CEDAW decision re Philippines rape case

Congratulations to Simone Cusack, a former Fellow of our International Reproductive and Sexual Health Law Programme, and her colleague Alexandra Timmer, whose article on this CEDAW decision was recently published in the Human Rights Law Review.  The brief abstract below explains the importance of the decision.

Gender Stereotyping in Rape Cases: The CEDAW Committee’s Decision in Vertido v The Philippines’, (2011) 11(2) Human Rights Law Review 329-342.

Karen Tayag Vertido v. The Philippines, a decision of the CEDAW Committee, takes issue with the widespread problem of stereotypes in rape trials.  It is the first case of the CEDAW Committee that is concerned primarily with wrongful gender stereotyping, and the leading decision of an international human rights treaty body in this as yet underdeveloped area of human rights.  This case note critically reviews the decision according to three major themes: jurisdictional limitations under the Optional Protocol to CEDAW; naming gender stereotypes in rape cases; and, States Parties’ obligations under CEDAW to address wrongful gender stereotyping.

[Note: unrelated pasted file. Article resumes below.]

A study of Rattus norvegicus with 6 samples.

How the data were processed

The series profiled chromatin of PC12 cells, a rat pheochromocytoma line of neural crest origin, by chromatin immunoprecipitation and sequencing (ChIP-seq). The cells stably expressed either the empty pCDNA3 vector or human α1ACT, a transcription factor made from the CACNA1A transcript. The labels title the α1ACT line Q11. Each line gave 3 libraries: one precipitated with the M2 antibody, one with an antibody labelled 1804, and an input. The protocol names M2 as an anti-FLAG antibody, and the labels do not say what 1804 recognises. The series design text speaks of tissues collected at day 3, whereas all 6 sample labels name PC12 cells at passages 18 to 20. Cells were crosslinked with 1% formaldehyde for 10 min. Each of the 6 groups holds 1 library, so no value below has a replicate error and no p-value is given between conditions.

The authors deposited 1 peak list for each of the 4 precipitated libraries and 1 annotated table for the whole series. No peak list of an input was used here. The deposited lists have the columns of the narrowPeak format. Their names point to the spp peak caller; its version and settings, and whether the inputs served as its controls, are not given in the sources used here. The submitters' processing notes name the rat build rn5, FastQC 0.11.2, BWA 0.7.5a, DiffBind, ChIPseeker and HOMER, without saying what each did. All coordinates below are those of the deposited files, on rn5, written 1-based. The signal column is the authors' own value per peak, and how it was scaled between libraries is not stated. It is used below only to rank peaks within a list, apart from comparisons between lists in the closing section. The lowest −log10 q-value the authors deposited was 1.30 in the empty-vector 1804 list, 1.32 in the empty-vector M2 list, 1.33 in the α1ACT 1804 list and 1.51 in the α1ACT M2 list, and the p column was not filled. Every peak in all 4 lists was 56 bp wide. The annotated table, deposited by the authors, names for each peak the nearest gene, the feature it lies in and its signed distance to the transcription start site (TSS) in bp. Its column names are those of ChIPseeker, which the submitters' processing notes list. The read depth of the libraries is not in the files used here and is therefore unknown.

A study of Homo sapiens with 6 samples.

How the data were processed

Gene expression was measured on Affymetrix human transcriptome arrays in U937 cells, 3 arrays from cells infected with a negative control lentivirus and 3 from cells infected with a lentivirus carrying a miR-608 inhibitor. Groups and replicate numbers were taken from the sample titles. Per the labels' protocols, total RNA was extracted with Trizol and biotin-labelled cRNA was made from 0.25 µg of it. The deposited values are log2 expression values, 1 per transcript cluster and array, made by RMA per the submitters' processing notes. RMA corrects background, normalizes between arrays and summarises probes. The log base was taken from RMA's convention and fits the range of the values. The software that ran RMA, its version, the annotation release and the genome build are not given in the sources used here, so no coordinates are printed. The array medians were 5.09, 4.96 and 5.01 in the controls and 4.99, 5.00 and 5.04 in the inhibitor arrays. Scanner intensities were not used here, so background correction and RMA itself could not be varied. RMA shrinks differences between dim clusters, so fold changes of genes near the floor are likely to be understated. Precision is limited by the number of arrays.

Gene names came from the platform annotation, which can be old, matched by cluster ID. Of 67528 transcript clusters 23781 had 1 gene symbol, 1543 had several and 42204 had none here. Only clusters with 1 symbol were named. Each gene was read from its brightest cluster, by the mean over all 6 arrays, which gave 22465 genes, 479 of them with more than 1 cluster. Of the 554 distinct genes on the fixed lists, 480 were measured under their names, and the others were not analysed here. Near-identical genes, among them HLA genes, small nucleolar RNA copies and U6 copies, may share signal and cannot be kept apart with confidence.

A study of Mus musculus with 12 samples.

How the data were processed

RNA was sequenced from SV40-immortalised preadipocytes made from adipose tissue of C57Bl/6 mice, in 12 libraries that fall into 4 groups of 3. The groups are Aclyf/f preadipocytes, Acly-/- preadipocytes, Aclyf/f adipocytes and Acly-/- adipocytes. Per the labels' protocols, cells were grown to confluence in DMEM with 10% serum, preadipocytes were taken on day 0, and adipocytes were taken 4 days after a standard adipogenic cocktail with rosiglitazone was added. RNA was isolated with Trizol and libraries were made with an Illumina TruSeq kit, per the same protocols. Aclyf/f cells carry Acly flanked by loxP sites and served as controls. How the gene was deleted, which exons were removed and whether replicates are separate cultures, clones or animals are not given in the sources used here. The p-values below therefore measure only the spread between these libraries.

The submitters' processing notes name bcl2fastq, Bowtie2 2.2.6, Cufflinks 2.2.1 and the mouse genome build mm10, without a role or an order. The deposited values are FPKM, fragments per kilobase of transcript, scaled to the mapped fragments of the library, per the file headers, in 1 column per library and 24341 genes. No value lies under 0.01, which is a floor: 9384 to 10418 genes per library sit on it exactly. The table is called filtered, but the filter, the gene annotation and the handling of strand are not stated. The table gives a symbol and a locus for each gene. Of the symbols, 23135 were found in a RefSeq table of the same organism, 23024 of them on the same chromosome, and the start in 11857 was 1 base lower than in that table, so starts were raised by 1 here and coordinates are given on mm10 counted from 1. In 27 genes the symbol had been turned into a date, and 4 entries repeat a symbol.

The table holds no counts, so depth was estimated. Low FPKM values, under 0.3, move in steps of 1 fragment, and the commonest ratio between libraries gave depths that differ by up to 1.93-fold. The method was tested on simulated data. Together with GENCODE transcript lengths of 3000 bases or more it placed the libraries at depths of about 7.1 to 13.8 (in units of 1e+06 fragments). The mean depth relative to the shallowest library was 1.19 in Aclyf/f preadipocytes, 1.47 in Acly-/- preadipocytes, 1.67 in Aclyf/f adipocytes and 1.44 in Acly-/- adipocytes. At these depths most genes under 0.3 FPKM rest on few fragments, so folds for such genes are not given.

Full text of this article online

Karen Tayag Vertido v. The Philippines,  Full text of the decision, UN Doc. (CEDAW/C/46/D/18/2008) in English and 5 other languages , beside “CEDAW/C/46/D/18/2008

Response of the Philippines, online here.

Optional Protocol to CEDAW – informative new blog  Sign up,  or follow it on Twitter @opcedaw.

Simone Cusack’s recent blog post on the Vertido case.